Do I Need a College Degree to Become a Helicopter Pilot?

Although you don't always need a college degree in order to become a helicopter pilot, that doesn't mean that you won't need extensive training and preparation. If you'd like to take to the skies and are willing to work hard, then a career as a helicopter pilot might be right for you. Read on to learn more. Schools offering Aviation Management degrees can also be found in these popular choices.

Becoming a Helicopter Pilot

The U.S. Bureau of Labor Statistics (BLS) notes that it's increasingly common for pilots of all types of aircraft to have a college degree (www.bls.gov). If you'd like to be a helicopter pilot but also want the ability to enter other aviation careers, such as management, regulations or manufacturing, an aviation degree can be very useful. It's important to remember that even though it's possible to get a job piloting helicopters without a degree, you will need a commercial rotorcraft license, at the very least.

Important Facts About Helicopter Pilots

Key Skills Ability to solve problems, communicate, react quickly, and observe and see well
Similar Occupations Bus driver, flight attendant, air traffic controller, railroad worker
Work Environment Majority of pilots work for larger airports; may work long hours when flying; hazardous conditions, such as bad weather and darkness, are common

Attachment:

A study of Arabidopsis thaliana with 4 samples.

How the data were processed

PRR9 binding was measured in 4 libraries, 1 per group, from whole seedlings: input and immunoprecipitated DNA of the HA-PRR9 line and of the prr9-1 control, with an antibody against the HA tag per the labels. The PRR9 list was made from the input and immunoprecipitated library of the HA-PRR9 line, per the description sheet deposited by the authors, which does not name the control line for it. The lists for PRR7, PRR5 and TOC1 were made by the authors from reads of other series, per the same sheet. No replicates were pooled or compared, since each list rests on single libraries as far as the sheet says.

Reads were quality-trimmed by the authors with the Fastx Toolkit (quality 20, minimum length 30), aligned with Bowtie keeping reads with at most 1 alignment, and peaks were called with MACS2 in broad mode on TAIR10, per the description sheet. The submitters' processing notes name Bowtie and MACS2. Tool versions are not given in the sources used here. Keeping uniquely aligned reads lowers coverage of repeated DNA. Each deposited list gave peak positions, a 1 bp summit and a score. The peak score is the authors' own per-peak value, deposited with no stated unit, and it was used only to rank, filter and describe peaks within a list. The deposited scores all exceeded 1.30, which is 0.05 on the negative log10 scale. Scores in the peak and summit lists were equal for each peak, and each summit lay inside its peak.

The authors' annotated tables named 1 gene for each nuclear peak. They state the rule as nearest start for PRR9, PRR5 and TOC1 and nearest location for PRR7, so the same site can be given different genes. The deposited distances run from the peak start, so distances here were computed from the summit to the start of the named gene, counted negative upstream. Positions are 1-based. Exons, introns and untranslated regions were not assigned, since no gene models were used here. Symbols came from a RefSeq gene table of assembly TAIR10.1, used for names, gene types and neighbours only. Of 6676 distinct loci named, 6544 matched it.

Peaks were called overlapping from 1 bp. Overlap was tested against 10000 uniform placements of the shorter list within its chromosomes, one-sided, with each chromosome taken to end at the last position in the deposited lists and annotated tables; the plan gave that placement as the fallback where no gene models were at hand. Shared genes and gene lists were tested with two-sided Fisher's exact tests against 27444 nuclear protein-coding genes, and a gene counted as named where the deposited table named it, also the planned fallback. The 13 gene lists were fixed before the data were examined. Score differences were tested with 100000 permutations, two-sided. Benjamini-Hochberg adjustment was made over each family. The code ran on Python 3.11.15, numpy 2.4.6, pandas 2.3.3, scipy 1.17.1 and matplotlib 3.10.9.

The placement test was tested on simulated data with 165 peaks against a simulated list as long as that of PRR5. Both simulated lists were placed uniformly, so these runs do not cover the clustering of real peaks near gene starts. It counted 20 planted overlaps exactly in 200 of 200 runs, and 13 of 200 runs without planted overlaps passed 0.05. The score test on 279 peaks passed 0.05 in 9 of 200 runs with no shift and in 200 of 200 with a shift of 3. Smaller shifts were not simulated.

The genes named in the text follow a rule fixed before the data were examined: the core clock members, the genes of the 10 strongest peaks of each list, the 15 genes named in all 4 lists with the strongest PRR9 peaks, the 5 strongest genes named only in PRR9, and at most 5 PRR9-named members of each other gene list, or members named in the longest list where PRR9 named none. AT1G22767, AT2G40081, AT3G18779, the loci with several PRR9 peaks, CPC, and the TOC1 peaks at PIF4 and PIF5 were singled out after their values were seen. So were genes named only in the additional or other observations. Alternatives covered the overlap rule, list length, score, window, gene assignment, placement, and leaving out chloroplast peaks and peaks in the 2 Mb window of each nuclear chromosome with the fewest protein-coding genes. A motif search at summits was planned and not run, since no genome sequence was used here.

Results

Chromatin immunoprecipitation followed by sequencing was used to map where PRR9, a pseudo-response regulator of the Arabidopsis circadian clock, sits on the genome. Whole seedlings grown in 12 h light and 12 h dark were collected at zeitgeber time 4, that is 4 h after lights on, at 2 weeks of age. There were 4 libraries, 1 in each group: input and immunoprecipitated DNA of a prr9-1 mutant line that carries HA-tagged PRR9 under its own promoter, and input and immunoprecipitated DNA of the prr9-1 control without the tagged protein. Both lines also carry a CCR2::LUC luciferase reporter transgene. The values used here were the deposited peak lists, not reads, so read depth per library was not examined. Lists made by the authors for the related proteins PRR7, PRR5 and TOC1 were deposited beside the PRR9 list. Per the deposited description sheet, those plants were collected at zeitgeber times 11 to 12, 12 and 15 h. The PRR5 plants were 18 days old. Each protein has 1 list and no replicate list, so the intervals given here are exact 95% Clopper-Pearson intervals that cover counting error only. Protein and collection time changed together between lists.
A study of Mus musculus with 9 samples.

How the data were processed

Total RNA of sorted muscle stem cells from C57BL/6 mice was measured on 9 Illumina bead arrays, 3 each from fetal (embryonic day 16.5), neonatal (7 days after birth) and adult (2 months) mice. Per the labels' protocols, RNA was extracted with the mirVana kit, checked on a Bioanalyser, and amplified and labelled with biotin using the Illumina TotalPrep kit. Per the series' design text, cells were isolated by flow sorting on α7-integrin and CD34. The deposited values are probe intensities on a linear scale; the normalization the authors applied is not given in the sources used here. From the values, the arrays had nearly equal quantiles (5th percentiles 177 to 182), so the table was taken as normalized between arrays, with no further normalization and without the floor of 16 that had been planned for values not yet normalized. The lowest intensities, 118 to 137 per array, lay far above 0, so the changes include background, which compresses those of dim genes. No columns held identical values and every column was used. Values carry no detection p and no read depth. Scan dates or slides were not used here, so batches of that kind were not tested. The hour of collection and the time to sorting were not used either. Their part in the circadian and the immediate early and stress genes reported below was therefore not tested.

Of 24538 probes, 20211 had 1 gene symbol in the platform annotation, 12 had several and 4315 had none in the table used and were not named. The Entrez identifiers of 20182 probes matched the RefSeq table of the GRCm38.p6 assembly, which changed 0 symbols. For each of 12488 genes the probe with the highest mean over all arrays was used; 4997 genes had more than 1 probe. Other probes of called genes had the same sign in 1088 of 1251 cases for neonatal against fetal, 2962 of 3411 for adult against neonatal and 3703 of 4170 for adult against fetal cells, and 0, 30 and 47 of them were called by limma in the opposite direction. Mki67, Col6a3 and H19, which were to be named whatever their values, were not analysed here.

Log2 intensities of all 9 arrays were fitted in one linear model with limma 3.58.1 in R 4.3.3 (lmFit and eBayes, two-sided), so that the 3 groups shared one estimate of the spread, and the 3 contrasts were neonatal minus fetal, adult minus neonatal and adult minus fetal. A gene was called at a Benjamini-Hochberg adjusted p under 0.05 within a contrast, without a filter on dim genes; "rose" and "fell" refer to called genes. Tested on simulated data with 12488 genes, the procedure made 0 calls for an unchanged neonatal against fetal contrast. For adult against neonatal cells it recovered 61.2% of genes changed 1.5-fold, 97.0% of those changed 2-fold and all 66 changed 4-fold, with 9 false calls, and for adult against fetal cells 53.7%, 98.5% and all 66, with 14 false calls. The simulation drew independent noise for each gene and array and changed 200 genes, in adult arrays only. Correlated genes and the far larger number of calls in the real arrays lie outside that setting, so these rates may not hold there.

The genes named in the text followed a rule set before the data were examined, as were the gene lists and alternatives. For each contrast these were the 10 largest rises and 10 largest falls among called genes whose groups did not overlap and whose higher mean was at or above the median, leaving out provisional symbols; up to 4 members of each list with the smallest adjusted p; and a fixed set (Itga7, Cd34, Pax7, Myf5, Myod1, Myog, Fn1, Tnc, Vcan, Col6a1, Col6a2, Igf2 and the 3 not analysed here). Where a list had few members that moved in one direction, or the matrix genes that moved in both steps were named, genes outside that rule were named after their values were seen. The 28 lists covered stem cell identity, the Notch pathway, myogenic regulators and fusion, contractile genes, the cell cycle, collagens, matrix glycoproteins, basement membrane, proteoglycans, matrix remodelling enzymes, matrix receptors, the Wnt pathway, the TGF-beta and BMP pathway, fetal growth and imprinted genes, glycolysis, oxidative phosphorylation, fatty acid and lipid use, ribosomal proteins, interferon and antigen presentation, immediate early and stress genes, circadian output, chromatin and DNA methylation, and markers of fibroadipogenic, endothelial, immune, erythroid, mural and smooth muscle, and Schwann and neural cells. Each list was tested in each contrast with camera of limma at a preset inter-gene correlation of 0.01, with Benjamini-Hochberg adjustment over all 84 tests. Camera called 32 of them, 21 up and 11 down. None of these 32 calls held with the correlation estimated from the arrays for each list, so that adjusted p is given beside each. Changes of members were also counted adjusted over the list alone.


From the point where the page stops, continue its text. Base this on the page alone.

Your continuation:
On-the-Job Training Must log thousands of hours of flight time; military offers pilot training

License Requirements

Helicopter pilots have the option of earning four types of licenses. In order from beginning to advanced, they are: student, private, commercial and Certified Flight Instructor (CFI). The Federal Aviation Administration (FAA) dictates that students fulfill varying amounts of flight time for each level of licensing.

Both helicopter flight school and pilot degree programs are designed to help you meet these requirements along with any additional requirements, such as written testing. In order to successfully complete any of these programs, you must also be able to pass an FAA medical exam.

Degree Options

If you'd like to earn your pilot's license in a college setting, you might choose to earn an undergraduate degree in a professional pilot program. In these programs, you'll study basic aviation topics, such as FAA regulations and aviation systems, and receive hands-on flight training. Some of these programs give you the option of earning more than one level of licensing; you might choose to earn a private license, or you may be able to earn all licensing levels, including the CFI rating. Some schools may also offer non-degree helicopter training programs.

You might also choose to earn a degree in aviation science or aviation technology. These programs are similar to pilot programs in that they include courses on aviation fundamentals, from meteorology to navigation, although they may or may not include helicopter pilot training. If you decide to earn a degree in a program that does not offer pilot training, you may also attend a flight school separately to earn your pilot's license.

Career Outlook and Salary Information

Helicopter pilots can fly helicopters in a variety of industries, including aerial surveillance, cargo operations, firefighting, medical transport and traffic patrol. According to the BLS, job opportunities for all airline and commercial pilots, including helicopter pilots, are expected to increase 5% between 2014 and 2024; many pilots are expected to retire in this time frame, opening up positions for people entering the field. As of May 2014, the BLS reports that the median annual salary for all commercial pilots was $75,620. The states that paid the highest in this field were New Jersey, Connecticut, Illinois, Pennsylvania and Texas.